Pa. liquor bill goes to Senate

Legislation to privatize liquor in Pennsylvania passed the House of Representatives with ease, yet hurdles remain in the state Senate. Governor Tom Corbett's plan to go private has made progress, but will it become law?

In the spirit of March Madness, let's say Pennsylvania Senators now control the ball when it comes to privatizing liquor. Despite the full court press by Republicans, even they know passing the bill is no slam dunk.

After seven long hours of debate Thursday night, House representatives passed the bill 105-90, a landslide victory for Republicans. However, no Democrats crossed party lines.

The bill will go before the Senate Law and Justice Committee to be reviewed.

It appears most state senators agree on the concept of convenience, but can't agree on how to offer it to consumers.

Senator Pat Vance (R-Cumberland) feels most people buying beer, wine, or liquor just want the ease of shopping.

“Do people want to be able to buy beer and wine in a grocery store? Absolutely,” she said. “And the idea that you can't buy a six-pack in a beer distributor is kinda ludicrous.”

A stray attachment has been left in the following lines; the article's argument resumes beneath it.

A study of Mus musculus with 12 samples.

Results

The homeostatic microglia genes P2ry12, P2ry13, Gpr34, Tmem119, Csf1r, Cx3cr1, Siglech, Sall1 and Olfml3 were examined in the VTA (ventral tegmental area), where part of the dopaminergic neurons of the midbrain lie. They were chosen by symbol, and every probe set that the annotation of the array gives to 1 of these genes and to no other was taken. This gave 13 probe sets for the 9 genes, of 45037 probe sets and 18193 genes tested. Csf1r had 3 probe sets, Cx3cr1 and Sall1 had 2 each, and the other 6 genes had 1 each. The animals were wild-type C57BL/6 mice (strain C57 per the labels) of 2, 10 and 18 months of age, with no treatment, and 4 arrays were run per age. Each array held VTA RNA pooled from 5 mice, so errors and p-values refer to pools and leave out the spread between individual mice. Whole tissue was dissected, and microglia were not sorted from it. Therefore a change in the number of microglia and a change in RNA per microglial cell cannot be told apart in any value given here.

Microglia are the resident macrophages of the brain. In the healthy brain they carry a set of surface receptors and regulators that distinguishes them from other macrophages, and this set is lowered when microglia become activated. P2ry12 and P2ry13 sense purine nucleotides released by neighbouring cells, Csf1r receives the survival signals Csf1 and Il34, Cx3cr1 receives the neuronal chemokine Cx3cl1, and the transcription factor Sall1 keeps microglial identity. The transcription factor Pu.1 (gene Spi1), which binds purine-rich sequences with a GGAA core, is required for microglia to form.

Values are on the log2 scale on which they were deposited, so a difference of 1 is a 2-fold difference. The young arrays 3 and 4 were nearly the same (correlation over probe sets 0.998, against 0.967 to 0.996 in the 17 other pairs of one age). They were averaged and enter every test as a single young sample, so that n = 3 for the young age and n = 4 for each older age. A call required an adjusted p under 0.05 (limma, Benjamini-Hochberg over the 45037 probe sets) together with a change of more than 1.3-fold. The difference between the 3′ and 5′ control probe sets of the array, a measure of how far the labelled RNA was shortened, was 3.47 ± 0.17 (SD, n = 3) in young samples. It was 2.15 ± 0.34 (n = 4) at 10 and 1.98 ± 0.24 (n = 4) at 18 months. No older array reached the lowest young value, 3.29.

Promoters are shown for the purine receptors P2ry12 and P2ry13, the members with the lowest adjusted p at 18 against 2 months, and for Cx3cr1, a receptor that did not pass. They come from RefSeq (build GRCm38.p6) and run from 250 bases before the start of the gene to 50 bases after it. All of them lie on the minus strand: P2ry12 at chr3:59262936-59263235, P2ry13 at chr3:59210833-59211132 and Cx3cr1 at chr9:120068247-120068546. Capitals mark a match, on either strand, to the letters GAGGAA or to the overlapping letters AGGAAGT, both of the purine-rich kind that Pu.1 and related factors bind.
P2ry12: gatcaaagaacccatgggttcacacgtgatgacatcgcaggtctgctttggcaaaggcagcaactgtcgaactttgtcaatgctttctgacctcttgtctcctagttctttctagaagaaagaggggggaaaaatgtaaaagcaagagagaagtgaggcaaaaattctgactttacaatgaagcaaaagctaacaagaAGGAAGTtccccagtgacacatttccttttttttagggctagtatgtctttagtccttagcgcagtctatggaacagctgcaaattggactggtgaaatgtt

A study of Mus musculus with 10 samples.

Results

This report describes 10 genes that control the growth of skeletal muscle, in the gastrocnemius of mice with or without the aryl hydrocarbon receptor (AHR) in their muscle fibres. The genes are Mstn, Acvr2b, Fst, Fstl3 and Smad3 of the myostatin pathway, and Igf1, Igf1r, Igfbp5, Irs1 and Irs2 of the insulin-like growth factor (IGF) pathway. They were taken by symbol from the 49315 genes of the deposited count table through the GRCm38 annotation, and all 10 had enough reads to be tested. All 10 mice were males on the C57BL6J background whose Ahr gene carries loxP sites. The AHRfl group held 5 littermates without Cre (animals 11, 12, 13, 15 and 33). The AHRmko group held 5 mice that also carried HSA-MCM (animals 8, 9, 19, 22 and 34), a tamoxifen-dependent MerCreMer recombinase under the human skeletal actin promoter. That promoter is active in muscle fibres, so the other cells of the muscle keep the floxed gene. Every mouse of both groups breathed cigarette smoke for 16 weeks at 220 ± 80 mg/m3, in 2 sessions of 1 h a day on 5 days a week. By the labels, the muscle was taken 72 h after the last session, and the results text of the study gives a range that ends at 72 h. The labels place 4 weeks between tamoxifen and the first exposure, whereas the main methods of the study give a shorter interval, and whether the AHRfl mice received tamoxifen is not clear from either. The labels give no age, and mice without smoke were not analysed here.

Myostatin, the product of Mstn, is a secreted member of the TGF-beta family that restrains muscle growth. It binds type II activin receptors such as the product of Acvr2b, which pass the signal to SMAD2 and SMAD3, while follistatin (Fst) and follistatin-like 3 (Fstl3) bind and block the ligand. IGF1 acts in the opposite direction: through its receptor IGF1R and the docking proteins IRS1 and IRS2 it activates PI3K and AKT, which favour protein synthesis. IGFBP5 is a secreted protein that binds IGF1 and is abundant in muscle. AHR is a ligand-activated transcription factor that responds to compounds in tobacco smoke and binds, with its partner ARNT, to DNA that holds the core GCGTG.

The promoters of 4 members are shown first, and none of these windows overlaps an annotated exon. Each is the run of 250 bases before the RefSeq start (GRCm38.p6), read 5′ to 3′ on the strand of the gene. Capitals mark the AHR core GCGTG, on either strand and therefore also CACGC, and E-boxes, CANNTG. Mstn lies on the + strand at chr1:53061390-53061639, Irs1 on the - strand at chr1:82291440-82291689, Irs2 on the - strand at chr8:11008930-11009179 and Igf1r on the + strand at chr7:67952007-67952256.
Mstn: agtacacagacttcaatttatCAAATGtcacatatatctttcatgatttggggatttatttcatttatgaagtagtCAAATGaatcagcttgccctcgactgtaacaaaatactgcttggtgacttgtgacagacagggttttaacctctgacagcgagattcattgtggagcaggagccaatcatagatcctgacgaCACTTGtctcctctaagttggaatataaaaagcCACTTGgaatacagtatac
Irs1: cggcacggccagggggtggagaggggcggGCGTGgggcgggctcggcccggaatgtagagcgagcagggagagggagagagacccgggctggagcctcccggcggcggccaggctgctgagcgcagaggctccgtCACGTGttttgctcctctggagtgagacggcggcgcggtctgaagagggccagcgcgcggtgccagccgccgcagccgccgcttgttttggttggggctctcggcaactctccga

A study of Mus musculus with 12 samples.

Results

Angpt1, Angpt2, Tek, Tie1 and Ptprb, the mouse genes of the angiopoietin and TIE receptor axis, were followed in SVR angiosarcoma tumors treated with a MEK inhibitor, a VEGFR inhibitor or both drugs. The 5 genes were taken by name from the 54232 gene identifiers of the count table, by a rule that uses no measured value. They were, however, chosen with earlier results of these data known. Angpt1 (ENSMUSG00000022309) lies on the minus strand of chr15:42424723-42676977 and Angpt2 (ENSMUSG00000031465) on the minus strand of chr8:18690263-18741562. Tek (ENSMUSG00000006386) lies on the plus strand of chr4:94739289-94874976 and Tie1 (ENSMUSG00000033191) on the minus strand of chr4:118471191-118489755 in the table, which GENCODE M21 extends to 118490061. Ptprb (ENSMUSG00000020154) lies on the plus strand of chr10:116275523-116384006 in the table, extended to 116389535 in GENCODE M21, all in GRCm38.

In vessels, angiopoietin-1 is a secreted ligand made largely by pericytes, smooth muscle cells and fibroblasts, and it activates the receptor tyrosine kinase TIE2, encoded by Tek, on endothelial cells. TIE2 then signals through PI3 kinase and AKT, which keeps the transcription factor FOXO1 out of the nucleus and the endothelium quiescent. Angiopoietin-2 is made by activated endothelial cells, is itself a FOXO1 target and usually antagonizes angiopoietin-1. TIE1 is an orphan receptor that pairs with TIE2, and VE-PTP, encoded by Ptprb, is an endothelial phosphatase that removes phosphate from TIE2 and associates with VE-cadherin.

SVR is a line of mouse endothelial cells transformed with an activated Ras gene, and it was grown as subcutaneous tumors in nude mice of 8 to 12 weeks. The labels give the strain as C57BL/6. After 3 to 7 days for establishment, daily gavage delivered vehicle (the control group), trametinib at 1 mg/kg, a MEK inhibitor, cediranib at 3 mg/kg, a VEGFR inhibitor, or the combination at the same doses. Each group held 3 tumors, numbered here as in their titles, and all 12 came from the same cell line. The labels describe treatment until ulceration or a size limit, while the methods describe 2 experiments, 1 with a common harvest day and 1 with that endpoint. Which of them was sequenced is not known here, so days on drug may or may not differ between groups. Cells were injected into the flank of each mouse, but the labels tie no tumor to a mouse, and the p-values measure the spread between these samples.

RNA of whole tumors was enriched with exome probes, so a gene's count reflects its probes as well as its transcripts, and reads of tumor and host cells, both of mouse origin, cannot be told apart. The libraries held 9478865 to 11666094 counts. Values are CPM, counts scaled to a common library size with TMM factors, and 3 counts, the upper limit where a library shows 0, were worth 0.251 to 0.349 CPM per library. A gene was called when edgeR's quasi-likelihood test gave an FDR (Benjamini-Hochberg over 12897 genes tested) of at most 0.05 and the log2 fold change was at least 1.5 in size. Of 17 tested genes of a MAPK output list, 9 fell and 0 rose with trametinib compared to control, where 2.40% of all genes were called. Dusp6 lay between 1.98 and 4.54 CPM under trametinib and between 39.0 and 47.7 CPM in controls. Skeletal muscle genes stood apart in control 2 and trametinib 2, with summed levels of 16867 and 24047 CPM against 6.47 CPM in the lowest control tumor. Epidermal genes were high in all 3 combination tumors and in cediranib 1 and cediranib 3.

What's not crazy according to Vance is taking time to sit down and read the bill in its entirety. She said most state senators have not done so yet, so there's no timetable. If liquor goes private, Vance wants to make sure it's the right thing to do.

Senate Majority Leader Democrat Dominic Pileggi agrees with Vance, according to a statement.

Key Democrats point out the focus should be to modernize instead of privatize. Most would like to see state stores remain open to save worker jobs. Many propose to open Wine & Spirit locations inside grocery stores to offer convenience. They also offer longer hours, especially on Sundays.

While Vance does not speak for every Republican senator, she is open to the idea of that often-dreaded C-word: compromise.

“I would hope there's always room for compromise,” said Vance. “If we have both sides a little bit unhappy, that probably means we've reached a good compromise.”

In the cocktail that is politics, Vance wonders why liquor has suddenly become top shelf. She feels important issues like transportation are now bottom of the barrel topics. Vance said all four caucuses would like to see Governor Corbett tackle transportation before liquor.

As Vance puts it, you can't have beer deliveries without reliable roads.

“We always talk about creating jobs,” she said. “I can't think of a better way to create jobs than to build or at least repair roads.”